Seniors lead the way on staying fit and having fun

Headshot of Shannon Smith
Shannon SmithAlbany Advertiser
Tony Stanton, 89, swims four times a week at the Albany Leisure and Aquatic Centre.
Camera IconTony Stanton, 89, swims four times a week at the Albany Leisure and Aquatic Centre. Credit: Laurie Benson

Teresa Greeves thinks it’s a “lotta hooey” that there are people out there who believe the elderly are not capable of being physically fit.

She is 90 years young and still smashing it at table tennis once a week.

As fit as a fiddle, she is a walking example of the saying “age is just a number”. If you ask her, she will say she does not feel 90.

Mrs Greeves is one of the six local people featured in the City of Albany’s new Long Live You campaign.


He still swims laps at the Albany Leisure and Aquatic Centre four times a week, where he has been known to regularly clock up 8.5km in the pool in a week.

Granny Grommet Sheryl Shaylor, 70, catches a wave better than most people half her age, and as one of the six inspirational seniors, she wants others to realise the importance of being fit as you age.

Once a week she and up to 50 other women over the age of 50 grab their boogie boards and hit the surf at Middleton Beach.

While many first take up a sport to be physically fit, she said there were strong mental and social benefits that elderly people should not do without.

“I lived on a farm my whole life and it was the first thing that I joined when I came to Albany, being deprived of the sea all my life,” she said.

“Being able to get in the water and have a good belly laugh about how ridiculous we are, it is just a great thing to do.

“There is always something going on in a group of women at that age, and various things happen that are good to talk about.

“I have had a few health problems and the support of the ladies, mentally, has helped me so much.

“Making the first big splash is the hard thing.”

Like Mrs Shaylor, Mrs Greeves took up her sport later in life.

She started playing table tennis after she was struck down with Ross River virus in 2000 — and having a hit on Fridays at ALAC has become a big part of her life.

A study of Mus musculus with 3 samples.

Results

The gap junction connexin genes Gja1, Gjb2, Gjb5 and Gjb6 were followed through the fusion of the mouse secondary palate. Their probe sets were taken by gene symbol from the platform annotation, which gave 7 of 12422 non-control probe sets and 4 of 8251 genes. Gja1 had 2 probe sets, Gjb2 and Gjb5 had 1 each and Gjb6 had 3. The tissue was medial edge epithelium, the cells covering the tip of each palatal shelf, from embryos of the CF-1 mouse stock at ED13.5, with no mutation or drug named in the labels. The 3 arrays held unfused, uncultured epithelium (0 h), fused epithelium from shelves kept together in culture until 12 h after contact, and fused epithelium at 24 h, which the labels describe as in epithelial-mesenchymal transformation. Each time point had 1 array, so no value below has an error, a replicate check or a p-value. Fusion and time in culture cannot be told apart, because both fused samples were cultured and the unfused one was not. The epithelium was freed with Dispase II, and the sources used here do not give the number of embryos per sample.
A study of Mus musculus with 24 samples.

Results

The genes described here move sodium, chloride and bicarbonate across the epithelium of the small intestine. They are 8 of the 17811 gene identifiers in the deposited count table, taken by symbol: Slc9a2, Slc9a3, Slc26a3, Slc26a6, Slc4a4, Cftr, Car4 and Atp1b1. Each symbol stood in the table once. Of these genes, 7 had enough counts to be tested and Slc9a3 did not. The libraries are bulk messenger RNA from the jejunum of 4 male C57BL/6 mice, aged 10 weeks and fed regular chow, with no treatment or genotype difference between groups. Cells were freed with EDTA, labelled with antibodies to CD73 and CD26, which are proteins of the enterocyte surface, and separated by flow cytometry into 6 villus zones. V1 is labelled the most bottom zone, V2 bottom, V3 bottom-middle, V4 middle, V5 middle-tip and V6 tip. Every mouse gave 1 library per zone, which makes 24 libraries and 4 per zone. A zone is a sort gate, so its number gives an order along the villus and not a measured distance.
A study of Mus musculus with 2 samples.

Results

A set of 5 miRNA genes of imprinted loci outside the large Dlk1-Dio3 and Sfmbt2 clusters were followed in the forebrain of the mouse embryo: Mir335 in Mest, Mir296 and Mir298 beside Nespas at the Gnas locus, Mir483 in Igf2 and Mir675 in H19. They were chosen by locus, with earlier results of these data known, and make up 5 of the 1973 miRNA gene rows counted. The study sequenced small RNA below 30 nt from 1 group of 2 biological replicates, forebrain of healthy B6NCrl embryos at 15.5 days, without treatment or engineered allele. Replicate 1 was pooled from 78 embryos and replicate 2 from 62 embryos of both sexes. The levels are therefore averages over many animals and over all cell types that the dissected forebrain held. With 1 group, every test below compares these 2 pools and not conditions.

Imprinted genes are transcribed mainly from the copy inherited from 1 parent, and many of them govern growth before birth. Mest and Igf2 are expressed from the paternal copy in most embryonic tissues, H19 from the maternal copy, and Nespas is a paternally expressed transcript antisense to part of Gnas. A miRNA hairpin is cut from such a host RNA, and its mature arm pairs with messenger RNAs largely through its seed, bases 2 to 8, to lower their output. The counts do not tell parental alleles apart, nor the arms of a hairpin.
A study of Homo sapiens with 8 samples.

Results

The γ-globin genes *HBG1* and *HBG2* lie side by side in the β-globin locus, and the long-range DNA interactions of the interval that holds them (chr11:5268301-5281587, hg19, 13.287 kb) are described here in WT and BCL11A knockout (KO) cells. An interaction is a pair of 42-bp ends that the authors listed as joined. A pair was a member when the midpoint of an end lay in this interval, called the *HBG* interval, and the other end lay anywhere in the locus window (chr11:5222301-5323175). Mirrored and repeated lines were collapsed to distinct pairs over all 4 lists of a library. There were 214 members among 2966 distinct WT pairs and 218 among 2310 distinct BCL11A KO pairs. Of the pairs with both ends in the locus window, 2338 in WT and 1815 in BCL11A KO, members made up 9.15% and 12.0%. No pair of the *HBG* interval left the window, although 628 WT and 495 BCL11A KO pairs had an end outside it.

“It is a great club with lovely people,” she said. “We all have a laugh and giggle and it doesn’t matter if you win or lose.

“You just enjoy life that much more if you are physically fit and there is nothing that you can’t do.”

Mr Stanton has seen how physical activity can turn a person’s health around.

He started swimming in 1970 when he was overweight and a heavy smoker, and he has not looked back.

He estimates he has swum enough laps to make it to Cape Town.

When asked if he planned to keep going, he said: “why not?”

Mr Stanton, a member of the Albany Masters Swimming Club, said the best thing you could do to start swimming was to swim with others, even if you were at different levels of ability.

“Everybody supports everybody else by saying ‘aren’t you coming today?’,” he said.

“It doesn’t matter if that bloke can do it in 30 seconds and you take a minute and 30, it is about getting people swimming and having some fun.

“I feel good and I am not on any medication.”

Cyclist Leith Rowe, dragon boat competitor Maureen Cowdell and gym-user Alison Durham are the other three champions whose faces will be seen on posters around town.

They are all part of the Long Live You campaign, which hopes to inspire seniors in Albany, Denmark and Mt Barker to get active.

The spring program is now in full swing at your local leisure centre.

For more information, visit albanyleisurecentre.com.au.